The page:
Shelbyville is located at the junction of Farm Road 417 and State Highway 87, seven miles southeast of Center in east central Shelby County. The area was settled in the 1820s by people who came from Tennessee, and the community was originally called Nashville. The community was the county seat of Shelby County. The Congress of the Republic of Texas changed its name to Shelbyville in 1837, for Isaac Shelby of Tennessee. Shelbyville was the scene of the beginning of the Regulator-Moderator War, and most of the major battles of the feud were fought in its vicinity. The town had a Republic of Texas post office established by 1843. In 1866 the county records were moved to the center of the county by night and hidden there. This led to a new county-seat designation that same year. In 1884 Shelbyville had a church, a school, a mill, two gins, and a population estimated at 150.

 About Our School District

 Located in the Piney Woods of East Texas, the Shelbyville Independent School District provides high quality educational services for approximately 750 students in grades Pre-K through 12. Designated as a single campus district, Shelbyville I.S.D. offers a wide array of educational programs and participates in District 1A Division 1 athletic and academic competition. Nestled in the heart of the Sabine National Forest with Toledo Bend Reservoir serving as an eastern border, Shelbyville, Texas is rich in recreational activities and historical heritage. Welcome to our community, school, and web site!

School History

The earliest data available was provided by Mrs. Norma Stack of Center. According to Mrs. Stack, her grandfather, Professor W.C. Huntington, 1825-1884, and his wife Mary s. Huntington, 1837-1911, had charge of the Shelbyville School in 1868.

The school at this time may have been a prep-type school with boarders. Reportedly, a little building to the right of the Huntington home, known as "the library," was where the teaching was accomplished. Mary Huntington continued the school after her husband died in 1884, probably until 1888.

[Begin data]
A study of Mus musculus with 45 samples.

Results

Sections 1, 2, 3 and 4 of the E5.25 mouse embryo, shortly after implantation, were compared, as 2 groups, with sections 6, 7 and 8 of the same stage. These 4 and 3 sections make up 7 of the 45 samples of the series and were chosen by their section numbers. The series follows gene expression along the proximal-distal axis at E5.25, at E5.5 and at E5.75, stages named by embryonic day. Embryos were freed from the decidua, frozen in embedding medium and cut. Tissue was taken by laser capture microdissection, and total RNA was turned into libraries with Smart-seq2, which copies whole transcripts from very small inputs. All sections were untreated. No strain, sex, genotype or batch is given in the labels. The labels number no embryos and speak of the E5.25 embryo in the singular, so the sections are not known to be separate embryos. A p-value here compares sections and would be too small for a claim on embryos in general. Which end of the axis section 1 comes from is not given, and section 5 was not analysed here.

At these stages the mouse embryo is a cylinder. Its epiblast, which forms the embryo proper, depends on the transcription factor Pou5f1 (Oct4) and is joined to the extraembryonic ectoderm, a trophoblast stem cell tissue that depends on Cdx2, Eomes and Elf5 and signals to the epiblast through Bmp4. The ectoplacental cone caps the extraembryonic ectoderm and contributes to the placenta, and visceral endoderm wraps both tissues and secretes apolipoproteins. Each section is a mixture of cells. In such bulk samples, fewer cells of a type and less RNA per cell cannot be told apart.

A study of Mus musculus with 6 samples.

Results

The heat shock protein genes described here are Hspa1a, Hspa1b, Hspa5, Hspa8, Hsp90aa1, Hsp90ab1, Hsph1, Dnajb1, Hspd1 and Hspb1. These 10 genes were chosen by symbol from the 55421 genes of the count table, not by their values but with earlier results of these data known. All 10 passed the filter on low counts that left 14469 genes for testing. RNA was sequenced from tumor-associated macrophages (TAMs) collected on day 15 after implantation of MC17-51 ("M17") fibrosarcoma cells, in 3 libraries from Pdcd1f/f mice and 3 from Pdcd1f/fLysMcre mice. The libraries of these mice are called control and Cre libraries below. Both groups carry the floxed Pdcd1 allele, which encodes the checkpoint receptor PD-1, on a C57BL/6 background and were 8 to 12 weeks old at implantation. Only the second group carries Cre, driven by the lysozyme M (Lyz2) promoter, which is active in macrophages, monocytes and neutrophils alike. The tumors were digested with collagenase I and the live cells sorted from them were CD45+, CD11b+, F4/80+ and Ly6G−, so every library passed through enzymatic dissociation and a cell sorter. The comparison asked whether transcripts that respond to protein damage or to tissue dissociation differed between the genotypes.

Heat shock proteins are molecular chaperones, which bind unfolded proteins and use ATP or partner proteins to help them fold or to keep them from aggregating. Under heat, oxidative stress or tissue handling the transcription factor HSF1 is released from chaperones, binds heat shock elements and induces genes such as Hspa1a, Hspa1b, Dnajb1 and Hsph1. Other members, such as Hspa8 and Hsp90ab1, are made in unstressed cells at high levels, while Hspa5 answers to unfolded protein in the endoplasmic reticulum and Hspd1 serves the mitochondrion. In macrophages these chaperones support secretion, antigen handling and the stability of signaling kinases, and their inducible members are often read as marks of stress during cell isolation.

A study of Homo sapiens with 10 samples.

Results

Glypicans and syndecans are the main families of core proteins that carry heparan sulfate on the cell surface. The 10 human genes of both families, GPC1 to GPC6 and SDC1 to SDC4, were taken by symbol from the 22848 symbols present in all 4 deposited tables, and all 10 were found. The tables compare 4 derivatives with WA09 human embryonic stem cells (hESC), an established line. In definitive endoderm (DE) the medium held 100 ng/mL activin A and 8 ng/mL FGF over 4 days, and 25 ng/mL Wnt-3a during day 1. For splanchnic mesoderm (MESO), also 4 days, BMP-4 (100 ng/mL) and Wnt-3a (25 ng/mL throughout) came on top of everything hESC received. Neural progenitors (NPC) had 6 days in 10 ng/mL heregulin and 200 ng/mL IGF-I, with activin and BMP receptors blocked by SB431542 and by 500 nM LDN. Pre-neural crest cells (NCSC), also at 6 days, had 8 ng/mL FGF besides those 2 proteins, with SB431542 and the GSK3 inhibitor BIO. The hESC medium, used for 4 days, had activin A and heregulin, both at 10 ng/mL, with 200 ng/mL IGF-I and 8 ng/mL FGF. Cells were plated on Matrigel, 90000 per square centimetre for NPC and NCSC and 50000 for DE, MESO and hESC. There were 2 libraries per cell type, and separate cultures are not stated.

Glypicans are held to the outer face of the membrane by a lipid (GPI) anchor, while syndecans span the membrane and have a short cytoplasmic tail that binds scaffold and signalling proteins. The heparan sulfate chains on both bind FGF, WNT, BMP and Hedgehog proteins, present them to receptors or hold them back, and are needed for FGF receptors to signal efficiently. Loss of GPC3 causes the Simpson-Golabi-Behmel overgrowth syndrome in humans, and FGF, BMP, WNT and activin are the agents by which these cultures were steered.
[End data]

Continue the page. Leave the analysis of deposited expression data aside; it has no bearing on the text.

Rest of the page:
In about 1888, M.M. Dupre moved to East Texas from Sarepta, Mississippi to assume the position of superintendent of schools in Shelbyville. According to some older Shelbyville residents, the school was located near the Shelbyville Methodist Church in a two-story building. This list of trustees was found in J.B. Sander’s book, History of Early Shelby County, Texas Schools: 1893-94 – W.D. Ellington, William Beck, and J. Lee Crawford; 1894-95 – C.N. Wilson, L.N. Crawford, and R.P. Windham; and 1895-96 – R.P. Windham, Dick McWilliams, and Haywood Booth.

Until 1903, the schools in Shelbyville were called common schools and were under the control of the Shelby County School Superintendent.

In February of 1903, W.D. Ellington petitioned the commissioner’s court for an election to establish a free school and an independent school district. The election, held in March of 1903, carried in favor of the independent school, and in June 1903, Shelbyville Independent School District was officially established. At that time, W.C. Hurst was superintendent of the school.

The school buildings have undergone many changes through the years. In 1924, the school was known as the "Little White Schoolhouse" which was located near the Shelbyville Methodist Church. In 1927, the land across the road was purchased and the school moved to its current location. Frank Pigg built the original brick high school building in 1927. In 1938 or 1939 (some sources state 1937) the W.P.A. built the Rock Building and the old wooden gym which burned in 1971. In 1954, the section of the school plant known as the "Haley Building" was built and later dedicated in memory of Reeves Haley who had taught and served as superintendent of schools for many years.